While we live in an age of superhero mania, Archie Comics’ exploits in Riverdale have managed to stay relatively distant from the spandex-clad hype—much more content to dabble with witches, werewolves, vampires, and the most fantastical topic of all, high-school drama. But they’re going to riff on it by bringing back a classic character from its archives, with a twist.
Super Duck first hit shelves back in the ‘40s as a lighthearted pastiche of heroes of the Golden Age of comics like Superman—but now he’s back, and not only have superheroes changed, so has Super Duck, with his newest series giving us a more adult-oriented take on the character.
Penned by Frank Tieri and Ian Flynn, and with art by Ryan Jampole, Matt Herms, and Jack Morelli, the new Super Duck sees our titular hero fallen on hard times after a long career zapping bad guys with laser eye-blasts and punching up his archrival, the sinister billionaire Dapper Duck. Three years after hanging up his cape though, Super Duck’s heroic activities have boiled down to making a quick buck signing autographs at comic conventions—until a former rival of Dapper Duck approaches him with a dangerous bodyguard offer, leading to him picking the cape up again for all the wrong reasons.
“Super Duck has been a fun property to revitalize,” Flynn told Gizmodo exclusively over email. “I think folks who are used to my all-ages work will be surprised how much more adult this project turned out. There’s a lot of physical comedy and big, blockbuster action in the first issue thanks to the brilliantly talented art team of Ryan Jampole and Matt Herms. From there we’ll be following Super Duck’s staggering, stumbling recovery from his fall from grace.”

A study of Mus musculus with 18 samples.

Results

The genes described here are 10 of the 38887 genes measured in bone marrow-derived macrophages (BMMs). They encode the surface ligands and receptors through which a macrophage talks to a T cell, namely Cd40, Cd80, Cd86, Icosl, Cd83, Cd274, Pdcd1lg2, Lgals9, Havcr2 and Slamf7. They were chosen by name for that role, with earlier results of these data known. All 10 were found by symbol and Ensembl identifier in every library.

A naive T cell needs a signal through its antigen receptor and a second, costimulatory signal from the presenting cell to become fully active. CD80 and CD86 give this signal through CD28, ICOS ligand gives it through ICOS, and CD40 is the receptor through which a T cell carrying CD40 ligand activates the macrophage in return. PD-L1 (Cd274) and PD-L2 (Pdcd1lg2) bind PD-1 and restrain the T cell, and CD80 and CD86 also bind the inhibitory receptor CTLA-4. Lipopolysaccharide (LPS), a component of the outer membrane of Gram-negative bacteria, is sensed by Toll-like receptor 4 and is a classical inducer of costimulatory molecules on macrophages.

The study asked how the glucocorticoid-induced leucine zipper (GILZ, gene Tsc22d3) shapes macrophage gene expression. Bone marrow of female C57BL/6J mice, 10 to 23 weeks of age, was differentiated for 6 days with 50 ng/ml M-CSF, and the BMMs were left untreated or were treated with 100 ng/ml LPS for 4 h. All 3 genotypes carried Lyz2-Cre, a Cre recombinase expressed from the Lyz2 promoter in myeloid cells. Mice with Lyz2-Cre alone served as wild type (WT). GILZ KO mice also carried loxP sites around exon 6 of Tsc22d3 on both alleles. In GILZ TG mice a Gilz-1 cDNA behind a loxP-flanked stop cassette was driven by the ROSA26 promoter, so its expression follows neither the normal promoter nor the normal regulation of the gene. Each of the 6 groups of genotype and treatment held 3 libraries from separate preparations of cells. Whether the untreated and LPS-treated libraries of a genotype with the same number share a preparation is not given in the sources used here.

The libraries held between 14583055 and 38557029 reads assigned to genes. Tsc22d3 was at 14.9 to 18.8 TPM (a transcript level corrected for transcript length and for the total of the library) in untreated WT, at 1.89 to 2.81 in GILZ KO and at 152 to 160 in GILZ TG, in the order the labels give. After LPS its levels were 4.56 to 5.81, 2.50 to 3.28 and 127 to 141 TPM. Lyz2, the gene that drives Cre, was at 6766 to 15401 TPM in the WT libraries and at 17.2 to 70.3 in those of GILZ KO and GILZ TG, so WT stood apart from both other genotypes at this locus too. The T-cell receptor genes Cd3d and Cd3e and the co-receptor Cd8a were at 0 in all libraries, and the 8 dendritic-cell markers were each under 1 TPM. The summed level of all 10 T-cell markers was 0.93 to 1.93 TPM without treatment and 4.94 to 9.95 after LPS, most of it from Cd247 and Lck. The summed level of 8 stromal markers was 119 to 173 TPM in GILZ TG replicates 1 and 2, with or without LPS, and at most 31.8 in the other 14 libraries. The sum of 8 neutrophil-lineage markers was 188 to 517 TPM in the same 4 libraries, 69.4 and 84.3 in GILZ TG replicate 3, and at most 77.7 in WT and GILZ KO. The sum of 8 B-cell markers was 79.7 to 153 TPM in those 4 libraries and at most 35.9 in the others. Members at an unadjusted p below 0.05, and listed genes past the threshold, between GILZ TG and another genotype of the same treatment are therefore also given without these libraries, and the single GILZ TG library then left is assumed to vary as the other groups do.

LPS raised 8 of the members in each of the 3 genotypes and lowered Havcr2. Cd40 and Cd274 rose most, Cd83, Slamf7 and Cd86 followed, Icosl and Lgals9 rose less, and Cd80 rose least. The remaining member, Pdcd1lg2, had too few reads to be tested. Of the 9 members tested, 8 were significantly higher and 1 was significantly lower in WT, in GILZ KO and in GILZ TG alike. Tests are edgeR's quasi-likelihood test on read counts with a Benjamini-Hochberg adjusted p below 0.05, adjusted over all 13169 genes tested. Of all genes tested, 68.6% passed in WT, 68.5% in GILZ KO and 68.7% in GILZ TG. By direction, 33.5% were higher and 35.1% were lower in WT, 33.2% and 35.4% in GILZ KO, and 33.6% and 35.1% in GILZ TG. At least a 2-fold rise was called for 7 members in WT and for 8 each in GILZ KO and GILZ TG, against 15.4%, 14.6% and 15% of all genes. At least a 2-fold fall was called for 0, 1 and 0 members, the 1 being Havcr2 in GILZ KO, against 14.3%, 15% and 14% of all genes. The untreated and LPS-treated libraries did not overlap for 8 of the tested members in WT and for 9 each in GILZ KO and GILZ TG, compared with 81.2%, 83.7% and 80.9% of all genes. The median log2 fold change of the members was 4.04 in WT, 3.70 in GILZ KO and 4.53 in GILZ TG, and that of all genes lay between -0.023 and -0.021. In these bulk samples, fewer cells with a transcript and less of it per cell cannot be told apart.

While the four-part miniseries is set primarily in a present where Super Duck himself is out of the hero game, the series wants to riff on cape comics in more ways than just its hero’s grim fall from grace. “This rendition of Super Duck takes its inspiration from the original Golden Age comics but definitely plots its own course,” Flynn continued. “Each story will have a bonus retro-styled story to poke a little fun at a very different era of comics.” You can see a little more of what to expect beyond that in our exclusive preview of Super Duck #1 below!
This new, adult-oriented approach to Super Duck marked a bit of a change from Flynn’s usual work for Archie, but created a mutually beneficial partnership in teaming up with fellow Archie stalwart Frank Tieri as co-writer. “Frank’s been the captain of this ship,” Flynn said of his partner. “He plotted out the story and he puts his spin on the scripts once I’ve taken the first pass at them. He also keeps most of my jokes, so he’s a stand-up guy!”
“What Ian said. Especially the part about me being a stand up guy. I really am, kids! No, really,” Tieri jokingly added over email. “Ya know, you wouldn’t think we’d be able to mesh our two sensibilities— he’s an ‘all ages’ guy and I’m very much not—but we somehow actually made this whole crazy ducking thing work. (That’s right. There’s a lot of duck jokes. Duck off if you don’t like it.)”
As you might be able to tell by our headline, we definitely don’t mind a silly duck-swear joke or six. And Super Duck seems like it’s going to deliver heavily on that front if this preview is anything to go by. “It especially helps when you have talent like Ryan and Matt in your corner, art wise,” Tieri noted. “[They] really got the gags and even added to them, producing an end result where the humour’s more Deadpool than Donald, but still has the DNA of the classic character. In short, a ducking good time will be had by all, people! (OK, I’ll stop now.)”
If you don’t want the good times to stop rolling, Super Duck #1 hits shelves March 25.